Article Abstract

Cervical sagittal alignment and the impact of posterior spinal instrumented fusion in patients with Lenke type 1 adolescent idiopathic scoliosis

Authors: Ryan J. Berger, Assem A. Sultan, Joseph E. Tanenbaum, William A. Cantrell, David P. Gurd, Thomas E. Kuivila, Thomas E. Mroz, Michael P. Steinmetz, Ryan C. Goodwin

Abstract

Background: Clinical decision making, preoperative planning, and surgical correction for adolescent idiopathic scoliosis (AIS) has traditionally focused on obtaining the maximum coronal plane correction to improve cosmesis and function. More recently, restoring sagittal alignment has also received increasing attention in AIS patients, correlating with positive health-related quality of life (HRQOL) outcomes in multiple studies. In this realm, cervical sagittal alignment (CSA) has also emerged as one of the variables that may correlate with clinical and functional outcomes in AIS patients undergoing surgical correction. Several studies have focused on studying the cervical sagittal plane parameters in patients with spinal deformity, while few have investigated the impact of surgical correction on CSA. In this study, we aimed to capture the baseline cervical sagittal characteristics and evaluate the changes in CSA in a cohort of AIS patients with Lenke type I curves following posterior spinal instrumented fusion (PSIF).
Methods: We evaluated our longitudinal database of patients who had surgical correction for AIS between January 1, 2015 and September 1, 2017. The initial search yielded 270 patients. Next, the following inclusion criteria were applied to identify the study cohort: (I) patients who had Lenke type 1 curves, (II) patients with adequate pre-operative and post-operative radiographs (posterior-anterior and lateral), (III) patients who had a minimum radiographic follow-up of 6 months, and (IV) patients who were treated with the same standard rod instrumentation system. In addition, the following exclusion criteria were applied: (I) patients with neuromuscular disorders, (II) patients with prior spine surgery, and (III) those who received greater than Schwab-2 osteotomies. A total of 30 patients were included in our final analysis. The C2–C7 angle, C0–C2 angle, C2–C7 sagittal vertical axis (SVA), McGregor slope (McGS), and the T1 slope angle were measured preoperatively and at 6 months. A kyphotic measurement was assigned a negative value while positive values were used to describe lordotic measurements. Descriptive statistics and paired sample t-test were used to compare pre-and post-operative data with a cutoff P value of 0.05 to determine statistical significance.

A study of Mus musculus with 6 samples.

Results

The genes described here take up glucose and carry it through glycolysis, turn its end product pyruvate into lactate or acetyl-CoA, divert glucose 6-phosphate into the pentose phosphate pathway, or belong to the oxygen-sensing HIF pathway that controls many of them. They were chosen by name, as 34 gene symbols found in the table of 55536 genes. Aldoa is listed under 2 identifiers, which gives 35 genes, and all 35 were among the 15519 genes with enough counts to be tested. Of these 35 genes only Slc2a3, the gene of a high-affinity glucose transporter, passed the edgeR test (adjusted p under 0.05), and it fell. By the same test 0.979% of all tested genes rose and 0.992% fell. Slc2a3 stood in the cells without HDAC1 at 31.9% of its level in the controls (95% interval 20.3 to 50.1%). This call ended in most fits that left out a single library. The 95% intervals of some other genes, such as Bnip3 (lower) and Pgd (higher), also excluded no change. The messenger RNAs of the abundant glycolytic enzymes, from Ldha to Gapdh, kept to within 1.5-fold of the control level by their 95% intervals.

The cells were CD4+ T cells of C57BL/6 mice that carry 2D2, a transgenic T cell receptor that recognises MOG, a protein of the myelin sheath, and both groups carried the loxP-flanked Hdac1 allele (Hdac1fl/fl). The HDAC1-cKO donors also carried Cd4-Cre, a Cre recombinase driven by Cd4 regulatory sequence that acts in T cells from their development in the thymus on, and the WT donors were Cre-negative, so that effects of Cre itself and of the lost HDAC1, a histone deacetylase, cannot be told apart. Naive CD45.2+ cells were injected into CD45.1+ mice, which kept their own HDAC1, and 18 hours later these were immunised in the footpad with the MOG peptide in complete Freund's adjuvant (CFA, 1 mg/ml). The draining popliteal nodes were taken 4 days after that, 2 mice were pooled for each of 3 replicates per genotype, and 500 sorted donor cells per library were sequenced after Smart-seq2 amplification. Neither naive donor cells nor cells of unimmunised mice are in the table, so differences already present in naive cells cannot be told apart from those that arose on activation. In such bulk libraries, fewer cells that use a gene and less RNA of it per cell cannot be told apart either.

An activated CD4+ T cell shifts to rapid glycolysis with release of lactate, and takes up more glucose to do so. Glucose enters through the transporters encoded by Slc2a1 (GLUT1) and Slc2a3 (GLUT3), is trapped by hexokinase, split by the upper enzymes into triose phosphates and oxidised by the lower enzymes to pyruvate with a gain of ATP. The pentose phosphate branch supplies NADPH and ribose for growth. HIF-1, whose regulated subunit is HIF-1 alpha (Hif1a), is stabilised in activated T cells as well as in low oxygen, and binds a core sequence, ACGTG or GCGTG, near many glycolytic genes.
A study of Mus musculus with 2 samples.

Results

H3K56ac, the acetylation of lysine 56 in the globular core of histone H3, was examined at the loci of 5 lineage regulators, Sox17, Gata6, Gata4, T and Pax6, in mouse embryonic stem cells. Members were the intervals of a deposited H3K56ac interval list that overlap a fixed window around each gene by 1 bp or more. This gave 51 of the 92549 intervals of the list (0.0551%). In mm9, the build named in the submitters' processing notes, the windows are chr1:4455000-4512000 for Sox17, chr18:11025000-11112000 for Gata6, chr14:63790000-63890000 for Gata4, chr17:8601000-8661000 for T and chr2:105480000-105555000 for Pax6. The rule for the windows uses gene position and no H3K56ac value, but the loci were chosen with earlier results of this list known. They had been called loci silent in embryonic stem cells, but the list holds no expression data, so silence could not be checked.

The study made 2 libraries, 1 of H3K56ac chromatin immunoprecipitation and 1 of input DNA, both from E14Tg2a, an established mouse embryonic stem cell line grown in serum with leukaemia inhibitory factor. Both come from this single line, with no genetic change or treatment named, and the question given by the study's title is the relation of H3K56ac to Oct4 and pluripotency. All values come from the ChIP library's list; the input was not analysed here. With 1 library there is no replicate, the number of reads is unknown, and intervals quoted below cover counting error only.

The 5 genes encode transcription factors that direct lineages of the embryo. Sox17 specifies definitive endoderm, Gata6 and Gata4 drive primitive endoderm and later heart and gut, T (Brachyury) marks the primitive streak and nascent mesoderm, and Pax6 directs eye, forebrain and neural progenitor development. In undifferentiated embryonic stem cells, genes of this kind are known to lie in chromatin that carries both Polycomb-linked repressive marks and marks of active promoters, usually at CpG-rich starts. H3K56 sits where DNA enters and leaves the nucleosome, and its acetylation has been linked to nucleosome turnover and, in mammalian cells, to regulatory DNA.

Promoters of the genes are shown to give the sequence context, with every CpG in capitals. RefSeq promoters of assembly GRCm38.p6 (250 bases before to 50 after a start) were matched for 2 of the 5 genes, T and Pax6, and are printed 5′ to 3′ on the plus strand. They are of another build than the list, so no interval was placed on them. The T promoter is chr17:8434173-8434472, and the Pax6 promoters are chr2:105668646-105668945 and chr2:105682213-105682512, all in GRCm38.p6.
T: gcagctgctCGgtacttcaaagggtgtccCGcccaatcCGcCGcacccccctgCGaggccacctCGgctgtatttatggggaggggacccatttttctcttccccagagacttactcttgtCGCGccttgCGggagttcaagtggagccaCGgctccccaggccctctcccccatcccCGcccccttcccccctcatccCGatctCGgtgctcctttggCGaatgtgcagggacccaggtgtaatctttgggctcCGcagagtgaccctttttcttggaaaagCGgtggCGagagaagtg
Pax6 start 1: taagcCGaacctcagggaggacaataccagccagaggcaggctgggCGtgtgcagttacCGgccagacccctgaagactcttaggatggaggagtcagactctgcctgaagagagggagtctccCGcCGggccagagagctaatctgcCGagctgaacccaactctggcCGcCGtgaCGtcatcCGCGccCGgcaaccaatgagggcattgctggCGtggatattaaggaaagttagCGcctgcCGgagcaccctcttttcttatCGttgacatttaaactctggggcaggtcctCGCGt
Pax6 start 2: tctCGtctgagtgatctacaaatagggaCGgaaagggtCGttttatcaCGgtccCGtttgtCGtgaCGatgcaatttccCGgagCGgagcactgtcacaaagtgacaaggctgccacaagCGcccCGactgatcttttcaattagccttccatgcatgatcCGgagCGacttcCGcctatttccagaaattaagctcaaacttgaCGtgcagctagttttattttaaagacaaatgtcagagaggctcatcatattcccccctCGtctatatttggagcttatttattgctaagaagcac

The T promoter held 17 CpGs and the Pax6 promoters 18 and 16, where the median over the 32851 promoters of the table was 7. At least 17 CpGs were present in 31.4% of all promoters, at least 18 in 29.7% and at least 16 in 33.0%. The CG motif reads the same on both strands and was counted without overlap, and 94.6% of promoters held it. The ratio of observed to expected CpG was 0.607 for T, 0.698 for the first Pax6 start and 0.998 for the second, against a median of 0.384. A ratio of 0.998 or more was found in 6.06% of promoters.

Results: Overall, CSA improved in most patients post-operatively, with 19/30 (63%) resulting in improved lordosis. Pre-operatively, mean C2–C7 cervical lordosis was −4.3°, which improved to −0.5° postoperatively (P=0.075), with a mean difference of 3.7°. Simultaneously, mean C0–C2, C2–C7 SVA, McGS, and T1 slope changed from 17° (range, −18° to 41°), 26.5 mm (range, 10 to 45 mm), 4° (range, −7.5° to 25°), and 17.4° (range, 1° to 42°) to 16° (range, 0° to 34.4°, mean difference =1.01°, and P=0.548), 28.2 mm (range, 9 to 57 mm, mean difference =2 mm, and P=0.244), 4.03°, (range, −7.8° to 25°, mean difference =0.16, and P=0.916), and 18° (range, 5.4° to 42°, mean difference =0.37, and P=0.761) (mean change of C2–C7 angle of 3.76°).
Conclusions: This study demonstrated baseline cervical kyphosis and a trend towards cervical lordosis restoration in patients with AIS and a Lenke type 1 curve who underwent PSIF. This study adds to emerging evidence and, together with further studies, will help estimate the impact of PSIF on the cervical sagittal profile, the effect of CSA on patient reported outcomes, and ways to address cervical sagittal malalignment when undertaking the surgical correction for specific curve types in AIS.